We all remember the financial crisis of a few years ago, brought about by banks who were "too big to fail". Now we have hospital networks that are too big to care. Businesses are accountable to their shareholders first, so they focus on products and services which are the most profitable, not what's best for people's well-being. In fact hospitals have more to gain financially from more complications and worse outcomes for patients. Whom should doctors be accountable to?
The AMA code of ethics states
"Under no circumstances may physicians place their own financial interests above the welfare of their patients. The primary objective of the medical profession is to render service to humanity; reward or financial gain is a subordinate consideration. For a physician to unnecessarily hospitalize a patient, prescribe a drug, or conduct diagnostic tests for the physician’s financial benefit is unethical. If a conflict develops between the physician’s financial interest and the physician’s responsibilities to the patient, the conflict must be resolved to the patient’s benefit."That rings completely hollow in today's profit-driven healthcare system of the US. (Can we even call it a healthcare system, since it's neither about health, nor about caring, but all about profit?) How are physicians supposed to put aside financial interests in favor of patients' benefit, when they have to answer to their boss (hospital admins), and meet production quotas, as if they are just factory workers in an assembly line?
We keep hearing how competition will improve healthcare delivery. Is the delivery of medical care supposed to be about competition? Are doctors supposed to "compete" against each other? Based on what factors? In medical school we are taught evidence-based medicine, the art of history-taking, and physical examination. We are not taught pricing. And for good reason! We're not training to stand by the side of the street and sell peanuts; we are training to care for fellow human beings! When did that distinction become lost in our society?
Medicine is not a commodity to be traded, be competed for, be analyzed by MBAs, or be measured for its efficacy through RVUs. It is a human relationship between patient and doctor. So what is so special about medicine? (pdf)
"Unlike a commodity, the primary meaning and importance of medicine has little to do with its efficacy, and more to do with a relationship between one human being in need and another who cares and is trained to help. Efficacy is sought in medical practice because the healer first cares. Efficacy does not imply a commitment to caring, but caring does imply a commitment to efficacy. Efficacy is the primary language of commodity transactions. Caring is the primary language of medicine."I'm not training to be a physician so I can make shareholders rich. Let's not sully our noble profession by adopting the language of Wall Street, lest we have a shameful throwback to the 19th Century!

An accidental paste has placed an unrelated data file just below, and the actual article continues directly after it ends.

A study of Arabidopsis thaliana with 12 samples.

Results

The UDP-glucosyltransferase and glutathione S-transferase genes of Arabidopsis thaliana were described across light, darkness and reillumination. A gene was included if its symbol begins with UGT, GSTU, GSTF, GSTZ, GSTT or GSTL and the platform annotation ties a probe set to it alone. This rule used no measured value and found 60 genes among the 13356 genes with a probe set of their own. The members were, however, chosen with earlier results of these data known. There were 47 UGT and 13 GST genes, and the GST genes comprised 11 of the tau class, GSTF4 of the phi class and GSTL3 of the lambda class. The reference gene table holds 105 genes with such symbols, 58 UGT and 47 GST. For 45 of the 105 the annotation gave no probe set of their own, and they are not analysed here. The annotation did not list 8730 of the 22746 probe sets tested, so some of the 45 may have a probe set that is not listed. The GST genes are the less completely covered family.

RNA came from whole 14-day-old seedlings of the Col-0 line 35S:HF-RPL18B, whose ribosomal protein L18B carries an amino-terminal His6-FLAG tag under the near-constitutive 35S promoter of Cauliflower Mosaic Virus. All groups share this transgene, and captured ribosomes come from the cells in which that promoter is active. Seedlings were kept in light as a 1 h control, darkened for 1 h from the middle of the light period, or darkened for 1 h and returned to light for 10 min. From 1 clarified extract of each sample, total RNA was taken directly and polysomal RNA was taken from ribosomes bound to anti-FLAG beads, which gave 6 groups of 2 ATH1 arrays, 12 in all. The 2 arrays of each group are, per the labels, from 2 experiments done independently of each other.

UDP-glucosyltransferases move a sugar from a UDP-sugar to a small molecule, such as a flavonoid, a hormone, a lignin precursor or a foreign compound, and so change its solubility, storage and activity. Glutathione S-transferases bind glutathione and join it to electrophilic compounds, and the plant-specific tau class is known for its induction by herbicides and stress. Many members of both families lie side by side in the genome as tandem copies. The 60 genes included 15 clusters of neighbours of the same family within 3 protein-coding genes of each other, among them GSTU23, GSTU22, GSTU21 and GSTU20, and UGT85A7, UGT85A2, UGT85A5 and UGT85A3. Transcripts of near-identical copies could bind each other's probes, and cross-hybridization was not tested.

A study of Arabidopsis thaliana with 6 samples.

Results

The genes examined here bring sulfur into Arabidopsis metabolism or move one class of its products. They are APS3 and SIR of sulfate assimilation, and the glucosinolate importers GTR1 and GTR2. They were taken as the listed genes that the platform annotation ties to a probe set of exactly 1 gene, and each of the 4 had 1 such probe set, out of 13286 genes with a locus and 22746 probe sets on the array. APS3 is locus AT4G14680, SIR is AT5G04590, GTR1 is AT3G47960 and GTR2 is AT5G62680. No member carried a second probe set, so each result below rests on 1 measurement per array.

Physicians fight disease, and extend and improve the quality of life for their patients. It is quite fair for them to expect a reasonable financial and spiritual reward for the service that they provide to their communities. They want to be rewarded and appreciated for what they do. At the same time, the healthcare system needs to maintain the health and well being of members of society, while keeping costs within reasonable economic constraints. It is too soon to tell if the recent reforms brought about by the Affordable Care Act will satisfy the physicians' needs and those of the general public, especially the poor, but for sure it leaves a lot to wish for by all sides.
Many doctors have chosen to take an alternative path, and "live off the grid" from the whole insurance system. These doctors view medicine as it should be, "more as a ministry than an industry". By rejecting the obsession with growth and profit, they provide better service to their patients, while maintaining better work-life balance for themselves. They derive more satisfaction from their work, while better serving the health needs of their communities. The healthcare system as a whole benefits from lowered costs, since these physicians reduce the number of expensive tests and procedures that are performed or ordered.
Medicine is not the realm of bean counters. If we let them make the rules, we should be aware of the type of reality they create. If that reality does not bring us happiness, then we need to take back control over our profession. Ultimately we create the reality we live in, and if we are not happy with it, we have only ourselves to blame. The good news is that we already know what works (pdf), so there is no need to reinvent the wheel. We just need to have the will to get there.
10:15 PM PT: Community spotlight! Thanks so much!
Tue Feb 04, 2014 at 7:06 AM PT: Thank you for putting this in the recommended list. I'm thrilled!